UK Politics

Lib Dems 'may ditch' Communications Data Bill

Computer keyboard and mouse
Image caption Ministers argue law enforcement agencies need to keep pace with changing technology

The Lib Dems are considering their support for government plans to give the police new powers to monitor email and internet use, the BBC has learned.

Party sources say leader Nick Clegg is ready to use a parliamentary report, due out next week, to oppose the plans.

The draft Communications Data Bill would allow police access to details of people's email and internet use, which many Lib Dems oppose.

But Home Office sources insist the bill would become law by 2014.

At the moment, the police and intelligence services can get access to information about people's mobile phone use.

The bill would extend those powers to cover email and the internet. The authorities would be able to see details of who communicated with whom, and when and where, but they would not be able to see the content of the message.


The Home Office says these powers are needed to help the police and intelligence services fight organised crime, terrorist networks and paedophile rings.

But critics argue they would infringe civil liberties and have branded the bill a "snoopers' charter".

Sources said Mr Clegg met the Prime Minister face to face earlier this week to discuss the issue and was "noncommittal" about the bill's future.

The loss of Lib Dem support would place a question mark over the future of the bill as the Conservatives would struggle to push it through Parliament alone.

Labour accepts there is an issue to be addressed but has not yet said if it will support the bill.

A joint committee of MPs and peers has been considering the draft bill since the summer and it will publish next week what is expected to be a strongly critical report.

One senior Lib Dem minister said: "The report gives Nick an opportunity to kill the bill for good and that's what he wants to do." Another said: "This is a dead duck. It is a question of when, not if."

In its report, the joint committee on the draft Communications Data Bill will argue that:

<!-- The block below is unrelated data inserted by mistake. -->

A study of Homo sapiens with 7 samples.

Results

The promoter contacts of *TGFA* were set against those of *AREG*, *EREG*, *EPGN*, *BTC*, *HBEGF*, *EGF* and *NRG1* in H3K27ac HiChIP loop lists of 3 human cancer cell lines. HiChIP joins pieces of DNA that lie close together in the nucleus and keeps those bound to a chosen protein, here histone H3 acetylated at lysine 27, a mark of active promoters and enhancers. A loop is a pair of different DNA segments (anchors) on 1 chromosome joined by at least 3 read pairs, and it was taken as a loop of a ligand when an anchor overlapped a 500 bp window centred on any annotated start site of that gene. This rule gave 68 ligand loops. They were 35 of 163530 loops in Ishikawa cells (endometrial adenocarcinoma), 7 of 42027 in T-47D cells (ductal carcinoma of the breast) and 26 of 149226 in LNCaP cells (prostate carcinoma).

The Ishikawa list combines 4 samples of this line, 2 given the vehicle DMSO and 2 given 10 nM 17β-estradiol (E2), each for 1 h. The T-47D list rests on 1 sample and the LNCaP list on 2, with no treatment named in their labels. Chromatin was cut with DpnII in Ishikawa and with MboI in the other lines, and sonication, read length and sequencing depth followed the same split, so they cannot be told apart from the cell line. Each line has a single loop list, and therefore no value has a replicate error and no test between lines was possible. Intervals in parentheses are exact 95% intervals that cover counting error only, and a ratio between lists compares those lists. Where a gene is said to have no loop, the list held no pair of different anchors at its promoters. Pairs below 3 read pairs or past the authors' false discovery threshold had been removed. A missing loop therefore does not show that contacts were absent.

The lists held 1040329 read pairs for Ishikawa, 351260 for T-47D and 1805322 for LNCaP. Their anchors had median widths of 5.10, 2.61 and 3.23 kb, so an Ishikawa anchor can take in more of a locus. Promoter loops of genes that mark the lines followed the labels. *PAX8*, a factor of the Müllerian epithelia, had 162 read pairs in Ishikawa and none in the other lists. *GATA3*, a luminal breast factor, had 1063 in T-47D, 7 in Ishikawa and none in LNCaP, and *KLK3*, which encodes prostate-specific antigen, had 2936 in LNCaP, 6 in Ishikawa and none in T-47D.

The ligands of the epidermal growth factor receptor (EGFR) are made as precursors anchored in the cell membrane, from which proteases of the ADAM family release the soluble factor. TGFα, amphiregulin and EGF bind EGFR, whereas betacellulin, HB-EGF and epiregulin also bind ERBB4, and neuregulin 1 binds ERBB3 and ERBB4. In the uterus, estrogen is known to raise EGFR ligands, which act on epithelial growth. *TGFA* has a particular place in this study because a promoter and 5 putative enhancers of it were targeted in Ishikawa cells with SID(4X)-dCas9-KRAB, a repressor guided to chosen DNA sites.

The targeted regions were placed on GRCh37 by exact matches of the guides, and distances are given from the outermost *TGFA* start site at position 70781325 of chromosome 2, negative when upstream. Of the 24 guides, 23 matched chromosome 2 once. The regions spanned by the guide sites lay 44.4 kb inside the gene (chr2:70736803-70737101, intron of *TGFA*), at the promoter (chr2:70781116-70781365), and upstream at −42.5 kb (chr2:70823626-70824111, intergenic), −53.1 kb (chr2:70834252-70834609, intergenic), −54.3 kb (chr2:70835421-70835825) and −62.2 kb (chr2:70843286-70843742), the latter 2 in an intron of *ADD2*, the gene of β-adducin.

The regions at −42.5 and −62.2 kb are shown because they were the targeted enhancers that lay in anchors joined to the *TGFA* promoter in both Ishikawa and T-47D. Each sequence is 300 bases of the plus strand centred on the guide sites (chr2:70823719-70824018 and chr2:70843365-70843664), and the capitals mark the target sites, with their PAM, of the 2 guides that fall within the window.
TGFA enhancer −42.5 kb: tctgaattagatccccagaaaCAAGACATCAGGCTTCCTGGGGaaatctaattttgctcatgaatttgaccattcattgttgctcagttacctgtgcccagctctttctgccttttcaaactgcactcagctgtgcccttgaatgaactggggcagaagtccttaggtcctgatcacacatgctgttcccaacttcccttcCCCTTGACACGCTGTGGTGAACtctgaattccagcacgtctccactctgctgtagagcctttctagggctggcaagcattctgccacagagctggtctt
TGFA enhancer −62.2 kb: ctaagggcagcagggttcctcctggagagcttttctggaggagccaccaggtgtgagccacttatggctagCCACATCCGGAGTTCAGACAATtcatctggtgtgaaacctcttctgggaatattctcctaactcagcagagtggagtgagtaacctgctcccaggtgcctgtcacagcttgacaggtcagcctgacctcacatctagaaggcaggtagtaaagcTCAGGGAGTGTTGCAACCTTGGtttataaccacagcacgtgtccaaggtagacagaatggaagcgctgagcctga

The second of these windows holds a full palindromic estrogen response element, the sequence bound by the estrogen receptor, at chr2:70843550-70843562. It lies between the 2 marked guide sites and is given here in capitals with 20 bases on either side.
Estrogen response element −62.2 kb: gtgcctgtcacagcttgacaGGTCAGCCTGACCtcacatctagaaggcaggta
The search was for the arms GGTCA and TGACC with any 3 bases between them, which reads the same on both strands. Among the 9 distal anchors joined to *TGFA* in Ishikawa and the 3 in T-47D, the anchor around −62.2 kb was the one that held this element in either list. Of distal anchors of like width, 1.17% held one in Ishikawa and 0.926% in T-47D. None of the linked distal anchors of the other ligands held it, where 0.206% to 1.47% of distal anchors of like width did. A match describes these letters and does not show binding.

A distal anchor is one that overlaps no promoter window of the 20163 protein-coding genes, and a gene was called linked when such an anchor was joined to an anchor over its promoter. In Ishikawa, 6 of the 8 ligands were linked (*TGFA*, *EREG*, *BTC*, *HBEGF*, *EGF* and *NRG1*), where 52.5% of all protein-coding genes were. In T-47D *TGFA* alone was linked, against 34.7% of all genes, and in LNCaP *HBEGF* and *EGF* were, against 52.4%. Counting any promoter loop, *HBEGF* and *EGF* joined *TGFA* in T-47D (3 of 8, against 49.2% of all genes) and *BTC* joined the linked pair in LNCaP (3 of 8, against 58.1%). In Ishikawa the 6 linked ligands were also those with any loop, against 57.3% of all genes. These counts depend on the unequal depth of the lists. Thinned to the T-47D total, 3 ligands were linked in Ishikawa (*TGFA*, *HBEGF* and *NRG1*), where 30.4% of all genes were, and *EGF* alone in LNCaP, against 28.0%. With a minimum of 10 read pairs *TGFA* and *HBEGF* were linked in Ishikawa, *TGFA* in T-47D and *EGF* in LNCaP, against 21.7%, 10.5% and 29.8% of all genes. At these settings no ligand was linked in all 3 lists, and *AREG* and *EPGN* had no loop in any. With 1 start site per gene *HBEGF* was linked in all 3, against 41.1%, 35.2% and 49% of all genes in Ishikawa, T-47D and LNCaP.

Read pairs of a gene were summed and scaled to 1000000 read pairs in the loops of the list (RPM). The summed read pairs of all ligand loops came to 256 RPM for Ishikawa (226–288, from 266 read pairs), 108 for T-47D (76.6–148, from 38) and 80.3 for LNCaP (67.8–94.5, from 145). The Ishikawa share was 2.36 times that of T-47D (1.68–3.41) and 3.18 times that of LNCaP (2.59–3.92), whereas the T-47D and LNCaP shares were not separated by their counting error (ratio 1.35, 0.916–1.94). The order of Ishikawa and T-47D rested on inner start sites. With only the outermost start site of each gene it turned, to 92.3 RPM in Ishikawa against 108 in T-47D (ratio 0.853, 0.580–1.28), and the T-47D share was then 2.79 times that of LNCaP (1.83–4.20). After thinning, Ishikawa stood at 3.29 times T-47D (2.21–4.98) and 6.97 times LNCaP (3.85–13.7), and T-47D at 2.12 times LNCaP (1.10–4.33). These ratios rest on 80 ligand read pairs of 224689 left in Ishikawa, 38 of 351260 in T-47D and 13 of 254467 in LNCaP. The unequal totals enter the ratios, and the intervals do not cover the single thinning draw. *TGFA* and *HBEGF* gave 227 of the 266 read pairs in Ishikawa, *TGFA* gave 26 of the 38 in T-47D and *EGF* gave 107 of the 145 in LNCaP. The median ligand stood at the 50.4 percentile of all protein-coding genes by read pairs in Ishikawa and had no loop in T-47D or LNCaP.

• The Home Office has failed to make the case for the new laws, not least by failing to show how the police use existing laws to monitor mobile phone data.
  • The bill infringes civil liberties and invades privacy by allowing the police access to a mass of new data without adequate safeguards. In particular, they will argue that in some internet use - particularly social media sites - it is difficult to distinguish between the details of the communication and the actual content of the message.
  • The measure would damage British businesses by forcing phone companies and internet service providers to store at huge cost for 12 months masses of new data that they would not otherwise keep.
  • The new pool of data would be open to abuse and present a security threat.

One committee source said: "It is critical of the approach the Home Office initially took and recommends more caution and a more proportionate way forward.

"It worries about individual liberties and principle and the costs and proportionality of what was initially recommended. How secure is this information? Are you certain it cannot be stolen by people who have access to it?"

The Lib Dem leadership has faced some internal criticism for supporting separate plans in the Justice and Security Bill to extend the use of so-called secret courts to hear sensitive intelligence material.

So some within the party argue that Mr Clegg should oppose the Communications Data bill to reaffirm the Liberal Democrats' civil liberties' credentials.

Some Lib Dems believe that there is not much depth of support for the bill among the Conservatives and they will not go to the wire to save the measure.

One source claimed that even some Home Office ministers have doubts. They also noted that the Conservatives had opposed measures like this in their election manifesto, promising that they would "scale back Labour's database state".

But Home Office sources insisted that the government remained determined to get the bill onto the statute book by 2014.

They said the police were crying out for this new system which was a vital tool not just to detect crime but also to prosecute criminals.

The Conservative MP Dominic Raab said that he too would oppose the Communications Data Bill. "There are fundamental issues of necessity, principle, cost and viability that remain unanswered," he said. "I cannot see Parliament backing the plans."

Nick Pickles, director of the civil liberties group Big Brother Watch, said: "If the committee finds, like 90 day detention and ID cards before, that the Home Office is relying on scant evidence and scaremongering, both sides of the coalition should want to stop a bill that would hurt privacy, the economy and internet security.

"Parliamentarians of all parties should heed the advice of this in-depth investigation and recognise the serious concerns identified in evidence to the Joint Committee. If the committee finds this bill is not fit for purpose, I'd expect the Lib Dems to be supported by their Conservative colleagues in heeding that advice."